Sustainability of the Pacific Diabetes Today Coalitions
Published Date:Sep 15 2009
Source:Prev Chronic Dis. 6(4).
The prevalence of diabetes is unusually high among the indigenous peoples of Hawaii and the US-associated Pacific Islands. Although diabetes programs developed elsewhere have been tried in these Pacific Islander communities, they have not been sustained. Research suggests that program sustainability is enhanced by the presence of a champion, the fit of the program in an organization, and assistance from stakeholders.
In 1998, the Pacific Diabetes Today Resource Center, funded by the Centers for Disease Control and Prevention, applied a community-empowerment approach to diabetes programming, providing training and technical assistance to coalitions in 11 US-associated Pacific Islands communities. When funding ended in 2004, many of the diabetes programs continued. In 2008, we revisited the 11 communities to examine the vitality of their diabetes coalitions and factors that were known to sustain the programs.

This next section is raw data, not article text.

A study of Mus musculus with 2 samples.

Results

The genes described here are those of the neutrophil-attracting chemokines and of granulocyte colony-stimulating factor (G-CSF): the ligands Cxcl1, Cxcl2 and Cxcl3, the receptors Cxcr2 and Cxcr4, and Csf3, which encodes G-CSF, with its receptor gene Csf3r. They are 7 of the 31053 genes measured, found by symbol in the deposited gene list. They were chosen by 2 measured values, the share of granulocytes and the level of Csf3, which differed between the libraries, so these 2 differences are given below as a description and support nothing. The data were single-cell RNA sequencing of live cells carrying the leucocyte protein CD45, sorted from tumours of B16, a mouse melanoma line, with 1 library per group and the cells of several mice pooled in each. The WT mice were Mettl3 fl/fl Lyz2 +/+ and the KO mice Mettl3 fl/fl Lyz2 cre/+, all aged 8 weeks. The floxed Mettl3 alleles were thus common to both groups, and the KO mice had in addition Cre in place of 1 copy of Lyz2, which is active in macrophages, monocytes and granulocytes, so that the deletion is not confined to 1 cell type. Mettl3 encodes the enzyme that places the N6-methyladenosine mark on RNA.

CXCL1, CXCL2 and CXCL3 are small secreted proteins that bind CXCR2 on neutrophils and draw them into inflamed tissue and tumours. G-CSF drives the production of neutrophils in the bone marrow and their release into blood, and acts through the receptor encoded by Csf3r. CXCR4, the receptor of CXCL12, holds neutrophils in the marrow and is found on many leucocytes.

We interviewed coalition representatives in each of the 11 communities about diabetes-related programming developed from 1999 through 2003 and factors influencing sustainability of diabetes-related activities.
Coalitions that continued the diabetes programming they developed for or adapted to their communities had community leaders (or champions), found supportive organizational homes for the programs, and had assistance. Four case studies show how these factors affected successful coalitions.
Freedom to adapt programs to new cultural contexts was a key factor in sustaining diabetes programs in the region.